I'm having one little hiccup in understanding Lisp. According to the Common Lisp standard, a form is an atom or list that is meant to be evaluated. That seems easy enough.
Notice that this is basically data based.
EVAL takes a form as data and not text - as its argument to evaluate. We have to read the text first to create a form for
EVAL. If we talk about forms in a file, this is basically a short hand for: forms read from the file.
In the real world, at the moment, we store programs in files. SBCL, Clojure, and the like all have the notion of a file that can also be evaluated.
Common Lisp is a part of the real world. Code is mostly stored in text files. Not necessarily so, but his is how it is. That's why Common Lisp has functions like
COMPILE-FILE and more.
No, files in Lisp can not be 'evaluated'.
EVAL is the evaluator and it takes a Lisp form as an argument, not a file. In Lisp a file can be loaded. Loading a file means this: opening the file for reading, reading from the file and evaluating form by form.
In Common Lisp files can also be compiled to create a 'fasl' (fast load) file. With something like SBCL, this file will contain machine code and data. This file can also be loaded. Loading will execute the generated code for each form, one by one.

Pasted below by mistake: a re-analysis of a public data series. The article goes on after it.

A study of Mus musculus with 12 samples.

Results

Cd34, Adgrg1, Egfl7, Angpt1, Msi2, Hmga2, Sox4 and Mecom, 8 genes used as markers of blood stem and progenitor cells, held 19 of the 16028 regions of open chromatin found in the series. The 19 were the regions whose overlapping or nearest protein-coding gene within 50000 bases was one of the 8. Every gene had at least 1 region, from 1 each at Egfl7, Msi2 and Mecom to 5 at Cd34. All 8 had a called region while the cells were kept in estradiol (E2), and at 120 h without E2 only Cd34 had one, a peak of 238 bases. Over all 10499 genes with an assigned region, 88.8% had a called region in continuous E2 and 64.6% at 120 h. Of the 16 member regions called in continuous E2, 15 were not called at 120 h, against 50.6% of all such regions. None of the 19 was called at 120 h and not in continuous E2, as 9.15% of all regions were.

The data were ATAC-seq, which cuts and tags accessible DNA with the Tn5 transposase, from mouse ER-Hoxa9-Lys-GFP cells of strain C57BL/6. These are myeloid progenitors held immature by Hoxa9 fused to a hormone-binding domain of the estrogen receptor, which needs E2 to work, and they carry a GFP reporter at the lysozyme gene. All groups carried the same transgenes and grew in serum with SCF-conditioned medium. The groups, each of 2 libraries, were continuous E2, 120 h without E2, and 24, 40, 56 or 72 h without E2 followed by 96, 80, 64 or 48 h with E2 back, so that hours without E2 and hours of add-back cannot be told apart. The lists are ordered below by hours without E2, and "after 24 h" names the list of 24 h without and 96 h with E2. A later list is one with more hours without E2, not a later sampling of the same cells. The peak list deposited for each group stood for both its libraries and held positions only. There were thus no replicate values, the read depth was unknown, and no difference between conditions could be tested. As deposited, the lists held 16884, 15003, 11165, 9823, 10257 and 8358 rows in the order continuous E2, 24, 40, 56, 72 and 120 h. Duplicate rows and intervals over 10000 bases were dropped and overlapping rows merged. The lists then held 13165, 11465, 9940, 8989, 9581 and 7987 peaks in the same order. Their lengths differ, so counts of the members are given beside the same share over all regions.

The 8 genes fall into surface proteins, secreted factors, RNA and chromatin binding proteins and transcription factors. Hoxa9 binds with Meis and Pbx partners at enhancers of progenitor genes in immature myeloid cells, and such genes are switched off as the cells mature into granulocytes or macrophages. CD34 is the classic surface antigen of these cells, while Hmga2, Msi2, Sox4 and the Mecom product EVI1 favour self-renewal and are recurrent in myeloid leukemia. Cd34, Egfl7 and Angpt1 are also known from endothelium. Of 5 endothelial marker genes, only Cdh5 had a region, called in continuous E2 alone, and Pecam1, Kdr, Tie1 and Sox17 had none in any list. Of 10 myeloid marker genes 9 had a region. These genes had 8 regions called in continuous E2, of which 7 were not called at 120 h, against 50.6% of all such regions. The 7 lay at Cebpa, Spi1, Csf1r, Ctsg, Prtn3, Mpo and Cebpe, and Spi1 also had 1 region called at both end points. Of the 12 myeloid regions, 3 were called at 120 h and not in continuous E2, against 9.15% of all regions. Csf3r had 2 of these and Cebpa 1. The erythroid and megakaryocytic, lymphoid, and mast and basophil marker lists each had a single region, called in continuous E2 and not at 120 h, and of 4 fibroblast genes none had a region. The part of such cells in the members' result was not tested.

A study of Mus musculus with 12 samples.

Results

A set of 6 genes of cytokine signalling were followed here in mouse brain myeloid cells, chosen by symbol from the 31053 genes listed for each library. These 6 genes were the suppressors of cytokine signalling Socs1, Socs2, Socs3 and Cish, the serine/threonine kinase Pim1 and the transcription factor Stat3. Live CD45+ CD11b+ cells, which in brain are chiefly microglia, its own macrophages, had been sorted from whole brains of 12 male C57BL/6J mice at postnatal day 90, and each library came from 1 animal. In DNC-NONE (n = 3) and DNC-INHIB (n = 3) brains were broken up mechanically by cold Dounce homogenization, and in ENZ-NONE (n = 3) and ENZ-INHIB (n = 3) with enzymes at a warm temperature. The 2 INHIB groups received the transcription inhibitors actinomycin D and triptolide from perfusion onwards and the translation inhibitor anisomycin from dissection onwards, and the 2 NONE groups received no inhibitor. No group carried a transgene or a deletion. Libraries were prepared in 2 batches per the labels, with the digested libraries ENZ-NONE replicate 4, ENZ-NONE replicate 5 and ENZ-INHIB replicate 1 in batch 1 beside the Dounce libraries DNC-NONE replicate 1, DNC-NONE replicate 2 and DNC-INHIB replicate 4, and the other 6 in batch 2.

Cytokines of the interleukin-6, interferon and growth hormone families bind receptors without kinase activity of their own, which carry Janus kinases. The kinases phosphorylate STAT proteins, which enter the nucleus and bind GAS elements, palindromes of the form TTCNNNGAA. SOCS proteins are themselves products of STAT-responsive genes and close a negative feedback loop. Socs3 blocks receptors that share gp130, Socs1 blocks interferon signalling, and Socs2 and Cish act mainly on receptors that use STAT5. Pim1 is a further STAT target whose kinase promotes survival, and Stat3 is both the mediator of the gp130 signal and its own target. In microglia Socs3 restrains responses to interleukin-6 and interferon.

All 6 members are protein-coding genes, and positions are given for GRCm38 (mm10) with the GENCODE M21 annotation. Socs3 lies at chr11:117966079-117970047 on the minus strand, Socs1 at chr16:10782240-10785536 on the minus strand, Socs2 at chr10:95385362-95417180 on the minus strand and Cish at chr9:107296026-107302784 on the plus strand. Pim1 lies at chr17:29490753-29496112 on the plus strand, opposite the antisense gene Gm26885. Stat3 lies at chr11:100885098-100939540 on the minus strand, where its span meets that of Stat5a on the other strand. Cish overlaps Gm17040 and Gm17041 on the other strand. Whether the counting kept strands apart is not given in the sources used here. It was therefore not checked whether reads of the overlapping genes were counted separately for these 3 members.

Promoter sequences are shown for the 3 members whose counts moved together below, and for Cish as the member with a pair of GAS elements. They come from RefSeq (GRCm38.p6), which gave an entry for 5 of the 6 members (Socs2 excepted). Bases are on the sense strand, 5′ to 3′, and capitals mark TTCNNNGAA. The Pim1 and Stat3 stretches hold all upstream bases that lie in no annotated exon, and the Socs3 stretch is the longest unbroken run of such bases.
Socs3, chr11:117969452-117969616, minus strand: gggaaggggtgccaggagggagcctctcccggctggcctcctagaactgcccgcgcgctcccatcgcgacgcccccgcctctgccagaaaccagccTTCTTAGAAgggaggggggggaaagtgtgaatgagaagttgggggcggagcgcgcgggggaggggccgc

So, Common Lisp can load two types of files: text files with Lisp code and FASL files with compiled code.
You can also open a text file for reading, use the Lisp reader to read the forms and do what ever you want with the results. You can also open a text file for writing and write Lisp forms as text to that file.
Storing source code in files is common practice in Lisp.
There are exceptions to this:
most Common Lisp implementations (not all) allow us to save an image. The image is a dump of the current memory state of a running Lisp systems. Thus you can have Lisp forms as data in your running program, then dump the the image and later restart the image. The restarted image will still have all data, which means the code stored as data will also still be there.
Something like Interlisp-D, a no longer widely used Lisp system, had also a Common Lisp implementation. Interlisp-D stored source code in text files under program control. Thus the text files were more used like a data base.
A few Lisp systems also support auto-loading. Call a function, the function is not known, then it looks somewhere else (a database, source code) to locate the source code, loads it and it then retries to call the now known function. This way it is not necessary for the user to load the files, the Lisp system does it in the background. Auto-loading was used in early Lisp systems to save space in main memory and not load everything at that. Even newer Lisp implementations may use some form of auto-loading for some functionality.